The Unhealthy Nebraska series published in Lee Enterprises newspapers during the past week addressed both the good points and the bad points of the state of Nebraskans’ health.
During the past year we have all been engrossed by the news about the coronavirus pandemic and everything that’s being done to fight the virus and keep people from contracting it, as well as the vaccines that will help alleviate the threat. But this reporting series looked beyond the immediate threat to factors that threaten our health each and every year — obesity, a sedentary lifestyle, smoking, drinking and drug use.
As Dr. Ali Khan, the dean of the University of Nebraska Medical Center’s College of Public Health, told us, Nebraskans have the resources to make the state the healthiest in the nation. But that will take some work.
Obesity is a major problem in Nebraska, the Midwest and the rest of the nation. In Nebraska, 34.1% of adults reporting being obese. That compares to the national number of 31.9%.
And since these numbers are self-reported, the situation could be even worse.
This is so key to our health as studies have found a strong correlation between obesity and chronic diseases such as diabetes, as well as certain types of cancer and cardiovascular disease.
Central District Health Department Director Teresa Anderson says officials in the CDHD, which covers Hall, Hamilton and Merrick counties, have been paying close attention to obesity numbers. Obesity rates in Hall and Merrick counties are 35% and 38%, respectively.
As those rates rise, Anderson said, an uptick in diabetes numbers is likely, too.
A big factor in obesity is diet.
People need to focus on foods that are dense in nutrients and stay away from processed foods, which have more calories than we realize, said Chelsey Kennedy, who is a women’s health nurse practitioner at CHI Health St. Francis Family and Behavioral Medicine, said. Processed foods bring extra fat, sugars and starches.
But along with diet goes exercise. You can eat the right foods, but sitting all day will still make it difficult to keep your weight down.
Cody Raile, a certified personal trainer who owns Feel Fit health and fitness club in Grand Island, told us that you can be creative. There are many ways to get exercise beside getting on exercise equipment at a gym and going for a run.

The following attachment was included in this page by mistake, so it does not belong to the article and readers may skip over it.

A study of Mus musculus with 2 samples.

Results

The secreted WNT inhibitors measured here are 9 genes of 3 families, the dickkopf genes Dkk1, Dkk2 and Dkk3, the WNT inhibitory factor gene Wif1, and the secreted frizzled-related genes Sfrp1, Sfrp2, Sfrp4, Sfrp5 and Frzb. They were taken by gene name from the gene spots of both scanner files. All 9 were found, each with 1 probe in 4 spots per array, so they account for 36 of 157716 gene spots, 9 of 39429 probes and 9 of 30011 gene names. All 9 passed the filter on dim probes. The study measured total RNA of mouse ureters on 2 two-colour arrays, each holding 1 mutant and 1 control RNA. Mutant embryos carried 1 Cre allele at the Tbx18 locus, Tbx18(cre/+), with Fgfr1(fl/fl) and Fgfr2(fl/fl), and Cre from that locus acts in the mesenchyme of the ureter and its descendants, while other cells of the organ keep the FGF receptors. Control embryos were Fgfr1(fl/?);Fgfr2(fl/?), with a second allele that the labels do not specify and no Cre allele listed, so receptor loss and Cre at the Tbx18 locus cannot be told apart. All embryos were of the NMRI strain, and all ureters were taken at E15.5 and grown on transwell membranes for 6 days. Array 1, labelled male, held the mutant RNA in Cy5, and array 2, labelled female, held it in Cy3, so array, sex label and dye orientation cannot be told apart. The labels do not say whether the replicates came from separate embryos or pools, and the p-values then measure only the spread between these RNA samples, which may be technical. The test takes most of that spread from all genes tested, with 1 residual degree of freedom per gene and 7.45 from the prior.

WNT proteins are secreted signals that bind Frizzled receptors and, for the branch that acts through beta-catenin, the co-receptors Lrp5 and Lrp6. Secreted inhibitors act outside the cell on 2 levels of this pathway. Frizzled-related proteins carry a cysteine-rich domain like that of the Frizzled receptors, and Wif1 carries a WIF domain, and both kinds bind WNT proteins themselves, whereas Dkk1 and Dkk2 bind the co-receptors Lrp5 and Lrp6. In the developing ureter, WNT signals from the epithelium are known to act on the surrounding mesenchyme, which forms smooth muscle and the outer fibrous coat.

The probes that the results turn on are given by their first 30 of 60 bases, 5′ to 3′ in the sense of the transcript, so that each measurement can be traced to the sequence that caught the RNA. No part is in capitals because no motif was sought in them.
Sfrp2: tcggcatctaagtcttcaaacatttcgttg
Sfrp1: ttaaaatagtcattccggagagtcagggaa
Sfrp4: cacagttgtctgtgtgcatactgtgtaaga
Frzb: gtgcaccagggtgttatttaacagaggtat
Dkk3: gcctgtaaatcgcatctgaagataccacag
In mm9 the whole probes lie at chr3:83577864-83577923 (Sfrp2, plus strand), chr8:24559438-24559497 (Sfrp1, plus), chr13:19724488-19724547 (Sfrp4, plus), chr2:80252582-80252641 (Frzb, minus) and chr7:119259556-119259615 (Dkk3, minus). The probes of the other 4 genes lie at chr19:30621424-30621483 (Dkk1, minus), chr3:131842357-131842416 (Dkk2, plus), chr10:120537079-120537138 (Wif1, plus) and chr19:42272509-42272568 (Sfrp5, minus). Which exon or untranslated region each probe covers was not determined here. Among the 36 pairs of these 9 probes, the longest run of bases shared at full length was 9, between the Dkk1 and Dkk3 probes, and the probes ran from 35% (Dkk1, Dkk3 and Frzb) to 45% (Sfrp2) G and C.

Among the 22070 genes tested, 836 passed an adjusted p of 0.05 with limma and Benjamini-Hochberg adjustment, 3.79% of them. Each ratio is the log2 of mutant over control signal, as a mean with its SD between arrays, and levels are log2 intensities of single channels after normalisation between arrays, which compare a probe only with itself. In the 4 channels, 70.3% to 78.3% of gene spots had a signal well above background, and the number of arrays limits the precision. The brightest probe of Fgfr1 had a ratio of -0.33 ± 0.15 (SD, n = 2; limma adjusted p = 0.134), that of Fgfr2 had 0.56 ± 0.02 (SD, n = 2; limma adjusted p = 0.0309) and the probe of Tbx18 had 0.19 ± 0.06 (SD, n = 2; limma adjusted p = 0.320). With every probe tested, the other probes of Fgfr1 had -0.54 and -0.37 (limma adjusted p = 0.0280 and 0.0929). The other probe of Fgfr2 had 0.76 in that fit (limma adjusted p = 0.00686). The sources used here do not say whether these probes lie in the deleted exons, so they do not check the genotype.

Playing with your dog can give you a workout. Splashing around a swimming pool is another way to get moving. Some like to dance around the house. And a little activity several times a day can add up.
Dietitian Salena Hirschbrunner told us the latest recommendation is that the 30 minutes of exercise needed to get some benefits don’t have to be all at one time. It might be split into three 10-minute sessions, for instance.
In working with people, Raile said he starts “really small,” going for five or eight minutes.
So if you’re resolving to be more active in the new year, that’s a helpful place to start.
The percentage of Nebraska adults who smoke went down 27% between 2011 and 2019. But Khan of UNMC said those numbers should be even lower.
Reducing the number of smokers could have a snowball effect on other health outcomes, he said. It likely would lower the rates of heart disease, cancer and premature death.
So resolving to stop smoking this year is a good step. Get the help through the smoking cessation program offered by CHI Health St. Francis.
Controlling alcohol use is also extremely important in improving our health.
The percentage of adults in the state who report binge drinking — that’s four drinks for a woman and five for a man — has been consistently higher than the country at large.
In 2019, according to the Centers for Disease Control and Prevention’s Behavioral Risk Factor Surveillance System, 21.9% of Nebraskans reported binge drinking within the previous 30 days, compared with 18.6% nationally.
One very good point found in the Unhealthy Nebraska investigation is that abuse of prescription drugs and use of illegal drugs is not as much of a problem in Nebraska as it is in most states.
Nebraska ranked third-lowest among the states in the percentage of adults who reported abusing prescription drugs or using illicit drugs (aside from marijuana) in the last 12 months, United Health Foundation reported in its 2020 America’s Health Rankings.
Realistically determining the state of our own health is a big step in improving it. With regular preventive health care we can take steps to improve the areas where we’re not as healthy as we should be.
But no one can do that for us. It’s up to each of us to achieve our resolutions.